Studying Sound

Written by Scott Kratz

The 11th Street Bridge Park’s mission to bring a unique community-driven facility to D.C.  residents on both sides of the Anacostia River and the larger region very much resonates with Cerami. The diverse park programs and activities requested by the community will include group activities, performance venues and  active and quiet areas, some of which may require a specific acoustical environment to perform at their best.

With the launch of a nationwide design competition, it became clear to the design teams and park staff that noise conditions at the site needed to be understood to provide a basis for the optimal design of the Park as architect and landscape architects areas balance more active areas with passive and quiet locations. Cerami made a commitment to be part of the team to advance the goals of the 11th Street Bridge Park by providing an acoustical review and guidance to the design teams.

The first step in the project was  to understand the existing conditions. Cerami’s team, Andy Parise, Geoffrey Sparks and Chris Pollock made a number of measurements at the site at a variety of locations, (made a little more difficult by not have an actual bridge park installed yet) to represent the noise levels at various times of day and locations. Most often, site noise measurements can be enlightening on a technical level, but in the case of our time spent at the 11th Street Bridge Park the beauty of the Park confirmed the need to create a  successful park for the educational, arts and community programs planned for the proposed space.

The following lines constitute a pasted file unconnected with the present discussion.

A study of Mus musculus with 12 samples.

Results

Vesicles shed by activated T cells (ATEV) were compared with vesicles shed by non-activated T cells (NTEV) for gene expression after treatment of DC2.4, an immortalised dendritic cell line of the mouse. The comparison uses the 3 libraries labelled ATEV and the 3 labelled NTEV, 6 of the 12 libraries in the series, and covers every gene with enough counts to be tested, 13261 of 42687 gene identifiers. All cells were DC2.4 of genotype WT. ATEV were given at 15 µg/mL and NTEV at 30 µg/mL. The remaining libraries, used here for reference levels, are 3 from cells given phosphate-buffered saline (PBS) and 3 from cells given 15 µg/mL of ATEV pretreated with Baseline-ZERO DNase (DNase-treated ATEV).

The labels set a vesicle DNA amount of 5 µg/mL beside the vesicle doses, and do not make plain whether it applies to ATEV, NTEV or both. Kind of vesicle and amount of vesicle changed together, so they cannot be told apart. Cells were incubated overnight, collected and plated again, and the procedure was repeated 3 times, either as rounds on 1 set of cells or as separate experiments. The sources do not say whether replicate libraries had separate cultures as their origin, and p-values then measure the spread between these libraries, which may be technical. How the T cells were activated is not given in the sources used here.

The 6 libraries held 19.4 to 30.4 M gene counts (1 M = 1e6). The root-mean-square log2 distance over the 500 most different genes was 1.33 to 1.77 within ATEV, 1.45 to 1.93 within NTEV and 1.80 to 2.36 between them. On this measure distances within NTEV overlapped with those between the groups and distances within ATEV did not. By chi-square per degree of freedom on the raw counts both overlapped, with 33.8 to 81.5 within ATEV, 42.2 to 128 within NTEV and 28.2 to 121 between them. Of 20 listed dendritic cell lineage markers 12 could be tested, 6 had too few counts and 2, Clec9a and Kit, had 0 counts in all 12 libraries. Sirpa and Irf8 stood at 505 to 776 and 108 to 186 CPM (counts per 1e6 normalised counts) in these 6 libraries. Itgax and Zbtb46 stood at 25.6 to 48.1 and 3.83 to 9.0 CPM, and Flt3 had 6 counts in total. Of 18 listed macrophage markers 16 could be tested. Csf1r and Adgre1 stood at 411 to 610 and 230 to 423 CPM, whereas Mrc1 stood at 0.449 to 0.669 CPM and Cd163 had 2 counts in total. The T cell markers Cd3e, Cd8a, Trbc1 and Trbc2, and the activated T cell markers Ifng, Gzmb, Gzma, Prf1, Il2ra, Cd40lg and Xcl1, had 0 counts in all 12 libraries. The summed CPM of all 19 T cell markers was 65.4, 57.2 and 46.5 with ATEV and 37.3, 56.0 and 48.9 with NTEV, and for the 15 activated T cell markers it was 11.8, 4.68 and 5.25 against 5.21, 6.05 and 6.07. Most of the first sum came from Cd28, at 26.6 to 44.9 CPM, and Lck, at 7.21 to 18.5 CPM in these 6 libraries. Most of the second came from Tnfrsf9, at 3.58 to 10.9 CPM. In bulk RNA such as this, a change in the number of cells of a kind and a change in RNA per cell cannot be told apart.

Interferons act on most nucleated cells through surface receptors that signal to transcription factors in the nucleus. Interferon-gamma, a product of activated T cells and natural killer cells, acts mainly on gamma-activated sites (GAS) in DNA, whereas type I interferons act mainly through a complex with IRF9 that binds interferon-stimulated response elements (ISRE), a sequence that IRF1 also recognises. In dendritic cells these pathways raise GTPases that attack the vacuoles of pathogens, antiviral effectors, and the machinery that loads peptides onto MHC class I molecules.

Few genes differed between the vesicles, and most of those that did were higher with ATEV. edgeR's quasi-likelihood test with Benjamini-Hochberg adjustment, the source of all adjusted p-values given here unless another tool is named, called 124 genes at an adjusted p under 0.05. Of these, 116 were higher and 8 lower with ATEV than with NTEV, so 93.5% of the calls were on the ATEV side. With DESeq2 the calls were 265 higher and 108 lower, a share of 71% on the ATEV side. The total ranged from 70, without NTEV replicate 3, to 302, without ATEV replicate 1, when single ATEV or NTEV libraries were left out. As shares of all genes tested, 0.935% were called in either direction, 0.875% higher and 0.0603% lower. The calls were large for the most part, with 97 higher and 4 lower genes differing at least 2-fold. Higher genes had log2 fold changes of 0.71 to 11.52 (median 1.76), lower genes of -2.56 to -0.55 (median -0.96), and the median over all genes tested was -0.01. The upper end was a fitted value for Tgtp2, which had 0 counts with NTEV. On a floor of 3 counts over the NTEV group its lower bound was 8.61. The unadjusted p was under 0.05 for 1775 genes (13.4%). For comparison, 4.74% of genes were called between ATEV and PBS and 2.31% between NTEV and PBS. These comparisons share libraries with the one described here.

Photograph 1: The Future 11th Street Bridge Park, from Anacostia Park looking Northwest.
The noise measurements taken on weekdays and weekends, morning and evenings enabled an assessment of the space and all of the noise sources in play, including traffic on the local street and highways and the more rare aircraft and helicopters, both commercial and military.

The noise assessment also provide guidance on the optimal locations for each program type, as well as possible mitigation and construction options, including elevations and barriers, construction of  classrooms to limit noise intrusion and the use of water features to generate a natural background sound to mask traffic noise from nearby roads.

One of the key findings of the study was that the quietest locations were the two river bank locations on each side of the Park. These two spaces are lower than the roadway elevations and partially shielded from the traffic noise and nearby highways and represent the ideal locations for programs requiring a lower noise condition for their successful operation. The other key input from the noise study was the need for mitigation at a future performance venue, another community requested programming concept. An amphitheater for music, lectures or drama works best if the audience is provided with an environment where sound from the stage is readily audible and clearly above the ambient noise conditions. To achieve this with a venue located near the roadways and associated noise will require some mitigation in the form of barriers, walls or berms to limit the existing traffic noise and ensure  future audiences can enjoy the space.

The talented designers in the competition and the supporters of the 11th Street Bridge Park will soon bring the Park closer to reality which will serve as an amazing community resource. Cerami looks forward to continuing to help realize this vision.

Photograph 2: The Future 11th Street Bridge Park at Sunset, from the existing bridge Piers.